In general, most states provide that if you are injured during a car accident, you have the right to claim the other driver for negligence.
This requires proving the other driver was at fault, which can often be a long and drawn-out process with a lot of tedious paperwork, with no guarantee that the other driver’s insurance company will pay your claim.
Because this is usually an expensive, frustrating process, several states have modified the way car insurance claims work. This is where insurance coverage known as “no-fault” comes into play.
What Is No-fault Car Insurance?
Essentially, having no-fault insurance means that your insurance company will help cover any medical expenses due to an automobile accident, regardless of who is ultimately considered at fault. This type of coverage is also referred to as personal injury protection (PIP) coverage.
Most potential lawsuits become irrelevant when a “no-fault” system is in effect so that insurance companies can settle claims disputes quickly.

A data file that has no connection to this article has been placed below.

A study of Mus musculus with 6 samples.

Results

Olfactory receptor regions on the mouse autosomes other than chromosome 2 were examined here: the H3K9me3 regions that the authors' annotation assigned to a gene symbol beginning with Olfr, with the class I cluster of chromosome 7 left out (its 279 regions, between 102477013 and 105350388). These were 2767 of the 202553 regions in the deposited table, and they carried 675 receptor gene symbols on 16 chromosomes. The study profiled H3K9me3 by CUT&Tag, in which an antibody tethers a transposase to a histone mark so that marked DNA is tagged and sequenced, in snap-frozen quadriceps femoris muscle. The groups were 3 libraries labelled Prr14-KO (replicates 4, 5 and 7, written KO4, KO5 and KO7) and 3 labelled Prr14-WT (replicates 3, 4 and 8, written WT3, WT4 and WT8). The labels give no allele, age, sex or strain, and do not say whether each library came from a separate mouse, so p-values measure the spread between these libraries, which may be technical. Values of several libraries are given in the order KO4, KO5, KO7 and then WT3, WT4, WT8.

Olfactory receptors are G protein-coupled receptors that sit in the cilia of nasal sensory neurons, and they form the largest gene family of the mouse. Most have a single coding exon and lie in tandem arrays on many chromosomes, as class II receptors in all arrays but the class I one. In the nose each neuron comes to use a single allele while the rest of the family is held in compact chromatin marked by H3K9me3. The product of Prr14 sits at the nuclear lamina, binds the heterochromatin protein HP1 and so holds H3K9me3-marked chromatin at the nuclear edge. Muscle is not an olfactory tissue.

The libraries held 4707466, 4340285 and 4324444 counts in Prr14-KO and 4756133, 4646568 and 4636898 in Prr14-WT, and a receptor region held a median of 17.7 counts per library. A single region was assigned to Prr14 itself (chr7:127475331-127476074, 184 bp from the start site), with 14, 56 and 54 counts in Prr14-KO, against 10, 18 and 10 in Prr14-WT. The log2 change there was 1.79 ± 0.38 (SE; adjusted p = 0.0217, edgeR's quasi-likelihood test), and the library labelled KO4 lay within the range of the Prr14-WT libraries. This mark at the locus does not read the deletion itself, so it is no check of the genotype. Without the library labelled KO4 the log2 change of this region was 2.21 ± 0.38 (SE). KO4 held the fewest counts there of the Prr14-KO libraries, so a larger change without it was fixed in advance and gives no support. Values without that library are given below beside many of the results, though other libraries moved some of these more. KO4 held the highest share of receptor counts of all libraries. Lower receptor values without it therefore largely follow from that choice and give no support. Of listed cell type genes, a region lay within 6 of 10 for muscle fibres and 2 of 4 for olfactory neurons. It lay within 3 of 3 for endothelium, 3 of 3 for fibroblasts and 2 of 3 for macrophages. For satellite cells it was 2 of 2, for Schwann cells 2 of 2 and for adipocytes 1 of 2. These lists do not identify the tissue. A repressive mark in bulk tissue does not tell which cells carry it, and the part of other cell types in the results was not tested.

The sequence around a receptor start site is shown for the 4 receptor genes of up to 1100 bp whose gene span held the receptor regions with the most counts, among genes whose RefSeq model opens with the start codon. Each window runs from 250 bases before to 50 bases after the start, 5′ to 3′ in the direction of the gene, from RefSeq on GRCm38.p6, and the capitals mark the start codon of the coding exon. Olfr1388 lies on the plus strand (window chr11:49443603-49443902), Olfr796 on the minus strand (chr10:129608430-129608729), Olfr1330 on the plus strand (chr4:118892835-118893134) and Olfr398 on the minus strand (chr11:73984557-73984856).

The following states require drivers to have “no-fault” auto insurance:
District of Columbia.
The exact terms of coverage for each state are a bit different, so you should still contact your car insurance provider to determine whether there are limitations on the policy.
What Does This Type of Auto Insurance Cover?
PIP coverage is intended to give you prompt payment for any personal injury claims that come from a car accident. It also tends to lessen the chances of a lawsuit being filed, which may save you time and money in the long run.
General expenses covered by this insurance include:
Rehabilitation or physical therapy costs.
Loss of wages.
These policies will not cover property damage, which means you may still be responsible for any property damage claims that are made. No-fault coverage also has limits, so the amount covered depends on your specific policy.
When Is a Lawsuit Still Possible?
Because the overall intention of PIP coverage is to simplify and speed up the claims process, there are very few cases where a lawsuit can be filed. However, every state has a vastly different way of handling no-fault auto insurance claims.
In general, lawsuits can be filed in cases of severe injury or death OR when medical costs far exceed the threshold limits for your state.
If you live in a state where this type of car insurance is optional, having no-fault protection can offer you peace of mind because you know your expenses will be covered in the event of an accident.